Wednesday, July 21, 2010

Going, Going...

But not yet gone, thankfully. This forest used to be full of enormous trees like the ones above (I don't know who the man is, but he gives an idea of how tall the trees are) which are a mix of Giant Sequoia, Ponderosa Pine and Western Red Cedar. This is near the Burnt Mill Beach Club, which is on the south side of Lake Arrowhead.

The trees on the hills on the north side of the lake, which actually would be south facing, aren't faring so well.

Before 2000, we had Pine Bark Beetle infestations every 100 years or so, and only a few trees were killed. One could not see the houses in the above photo because they were obscured by the huge trees. And, until the unfortunate building boom that started in the mid 1970's and is, insanely, still going on, most of the houses weren't there. (I'm not talking about families that build one home for themselves, I'm speaking of large scale builders). During the infestation that occurred from 2000 to 2004 the San Bernardino Mountain range lost over 1.5 million trees. There are many houses in the trees that are closest to the lake in this photo, but the trees hide most of them.

But...look closely. Most of the evergreen trees closest to the lake are starting to take on a brownish hue, or their needles are fading from a green so deep it used to look almost black when it was cloudy, to a yellowish-green. These trees aren't being attacked by Pine Bark Beetles; the summers up here have simply warmed too much for them to thrive anymore.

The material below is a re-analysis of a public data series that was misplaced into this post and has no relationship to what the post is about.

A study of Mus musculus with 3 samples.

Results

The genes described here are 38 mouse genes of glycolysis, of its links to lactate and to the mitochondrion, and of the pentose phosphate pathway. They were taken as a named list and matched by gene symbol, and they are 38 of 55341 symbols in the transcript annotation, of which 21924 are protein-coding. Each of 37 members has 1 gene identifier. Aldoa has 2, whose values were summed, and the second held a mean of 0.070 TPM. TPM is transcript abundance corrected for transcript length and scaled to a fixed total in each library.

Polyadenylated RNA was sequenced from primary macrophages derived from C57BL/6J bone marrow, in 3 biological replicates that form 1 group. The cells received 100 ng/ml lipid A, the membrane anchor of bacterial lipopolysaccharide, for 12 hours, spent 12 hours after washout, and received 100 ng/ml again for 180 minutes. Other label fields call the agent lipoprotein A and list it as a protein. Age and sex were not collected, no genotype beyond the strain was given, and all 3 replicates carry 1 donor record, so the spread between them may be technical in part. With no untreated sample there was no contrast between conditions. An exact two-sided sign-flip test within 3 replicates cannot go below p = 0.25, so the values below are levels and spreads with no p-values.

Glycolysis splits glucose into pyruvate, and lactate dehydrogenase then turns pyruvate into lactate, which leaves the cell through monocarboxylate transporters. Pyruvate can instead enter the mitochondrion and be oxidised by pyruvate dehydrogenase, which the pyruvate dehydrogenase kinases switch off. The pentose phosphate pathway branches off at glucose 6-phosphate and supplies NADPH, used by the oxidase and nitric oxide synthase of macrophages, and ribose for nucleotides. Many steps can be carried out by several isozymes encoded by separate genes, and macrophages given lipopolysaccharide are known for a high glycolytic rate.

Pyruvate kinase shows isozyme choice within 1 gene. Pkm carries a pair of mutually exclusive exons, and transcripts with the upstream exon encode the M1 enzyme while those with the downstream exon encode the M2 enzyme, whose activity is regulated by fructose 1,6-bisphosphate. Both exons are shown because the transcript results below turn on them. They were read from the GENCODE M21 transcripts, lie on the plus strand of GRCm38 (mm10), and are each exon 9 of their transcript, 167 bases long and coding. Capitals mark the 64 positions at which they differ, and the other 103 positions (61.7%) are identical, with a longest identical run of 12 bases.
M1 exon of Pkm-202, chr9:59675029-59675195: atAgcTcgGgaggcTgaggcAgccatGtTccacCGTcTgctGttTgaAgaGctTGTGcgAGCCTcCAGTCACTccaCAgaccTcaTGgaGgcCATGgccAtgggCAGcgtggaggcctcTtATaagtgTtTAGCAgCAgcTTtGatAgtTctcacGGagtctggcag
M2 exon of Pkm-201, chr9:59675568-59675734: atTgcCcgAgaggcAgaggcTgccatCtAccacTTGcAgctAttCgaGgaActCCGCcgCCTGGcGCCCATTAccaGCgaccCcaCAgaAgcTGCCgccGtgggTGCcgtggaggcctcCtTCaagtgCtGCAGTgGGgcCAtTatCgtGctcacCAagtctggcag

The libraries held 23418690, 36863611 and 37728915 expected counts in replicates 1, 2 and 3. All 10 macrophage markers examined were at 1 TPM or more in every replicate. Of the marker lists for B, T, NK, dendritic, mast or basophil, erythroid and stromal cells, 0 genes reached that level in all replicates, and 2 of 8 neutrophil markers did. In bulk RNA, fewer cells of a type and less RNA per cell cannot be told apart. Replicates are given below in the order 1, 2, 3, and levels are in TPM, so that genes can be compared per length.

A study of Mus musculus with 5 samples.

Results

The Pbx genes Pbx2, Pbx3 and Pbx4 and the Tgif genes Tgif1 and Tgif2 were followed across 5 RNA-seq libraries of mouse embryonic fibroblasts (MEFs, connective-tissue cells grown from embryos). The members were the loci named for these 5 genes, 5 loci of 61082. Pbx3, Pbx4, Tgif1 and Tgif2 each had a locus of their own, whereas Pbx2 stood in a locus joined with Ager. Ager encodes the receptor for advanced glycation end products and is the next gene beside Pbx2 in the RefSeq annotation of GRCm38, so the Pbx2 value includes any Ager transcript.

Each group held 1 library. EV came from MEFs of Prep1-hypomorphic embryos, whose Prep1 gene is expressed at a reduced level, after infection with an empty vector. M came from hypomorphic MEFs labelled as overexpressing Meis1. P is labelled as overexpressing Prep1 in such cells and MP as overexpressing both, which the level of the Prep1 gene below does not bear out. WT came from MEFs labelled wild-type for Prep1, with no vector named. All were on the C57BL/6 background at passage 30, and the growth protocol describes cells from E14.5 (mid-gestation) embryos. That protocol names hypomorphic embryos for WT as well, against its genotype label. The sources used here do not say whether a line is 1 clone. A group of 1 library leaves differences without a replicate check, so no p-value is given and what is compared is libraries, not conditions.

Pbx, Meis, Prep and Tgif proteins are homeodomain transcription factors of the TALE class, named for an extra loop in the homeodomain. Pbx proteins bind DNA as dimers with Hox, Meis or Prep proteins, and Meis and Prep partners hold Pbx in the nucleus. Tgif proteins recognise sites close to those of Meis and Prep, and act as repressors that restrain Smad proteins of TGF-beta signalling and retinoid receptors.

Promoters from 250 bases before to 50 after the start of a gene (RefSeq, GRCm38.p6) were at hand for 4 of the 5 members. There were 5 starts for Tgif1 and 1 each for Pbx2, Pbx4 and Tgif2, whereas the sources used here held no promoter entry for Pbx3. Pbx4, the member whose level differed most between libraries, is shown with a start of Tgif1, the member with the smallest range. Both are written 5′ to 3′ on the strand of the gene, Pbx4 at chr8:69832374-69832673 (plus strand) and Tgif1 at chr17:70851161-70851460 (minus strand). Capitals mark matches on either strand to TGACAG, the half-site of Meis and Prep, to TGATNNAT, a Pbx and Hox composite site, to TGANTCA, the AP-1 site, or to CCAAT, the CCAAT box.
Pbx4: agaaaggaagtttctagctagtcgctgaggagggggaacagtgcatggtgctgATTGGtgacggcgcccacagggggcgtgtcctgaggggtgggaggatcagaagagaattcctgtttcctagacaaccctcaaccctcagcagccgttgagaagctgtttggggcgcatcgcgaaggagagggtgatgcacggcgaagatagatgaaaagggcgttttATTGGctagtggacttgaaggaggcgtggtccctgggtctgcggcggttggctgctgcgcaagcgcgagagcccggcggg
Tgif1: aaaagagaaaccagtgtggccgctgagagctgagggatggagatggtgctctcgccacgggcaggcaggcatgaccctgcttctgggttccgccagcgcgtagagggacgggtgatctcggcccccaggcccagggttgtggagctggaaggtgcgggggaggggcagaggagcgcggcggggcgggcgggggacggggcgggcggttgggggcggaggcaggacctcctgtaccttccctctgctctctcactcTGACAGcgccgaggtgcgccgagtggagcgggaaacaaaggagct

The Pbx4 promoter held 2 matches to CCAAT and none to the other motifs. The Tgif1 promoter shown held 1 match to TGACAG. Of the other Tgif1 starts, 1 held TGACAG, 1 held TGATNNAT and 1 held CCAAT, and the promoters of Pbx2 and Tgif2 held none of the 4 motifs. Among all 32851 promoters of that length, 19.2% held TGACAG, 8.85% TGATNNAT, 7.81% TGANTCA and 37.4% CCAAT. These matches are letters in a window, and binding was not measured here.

I keep hoping that climate change will give us more rain and snow in the winter than what was normal in the past. I hope that, maybe, more rain would help the trees to cope with the warmer temperatures.

Call it what you want; Global Warming, Climate Change. Whatever it is, it's happening. It's real. It's happening everywhere, whether it's dying forests or melting glaciers or something else. And I can't understand why the leaders of the world aren't making it their number one priority to stop it. Regular people in their daily lives can do a lot, but it isn't going to be enough unless governments around the world rapidly come up with plans to move their countries quickly away from dependence on fossil fuels, and provide viable ways to reverse the warming that has already taken place.

Because even though the forests and glaciers of the world are not gone yet, they are going.


  1. Sadly true-- the forests around Mount Mitchell are dying from acid rain and a pest called wooly adelgid. And we're losing native dogwoods from a fungus called anthracnose. The native chestnuts, of course, were lost years ago.

  2. Yes, our dogwoods are sick, too. I forgot to mention them. Actually, every tree species up here is being struggling.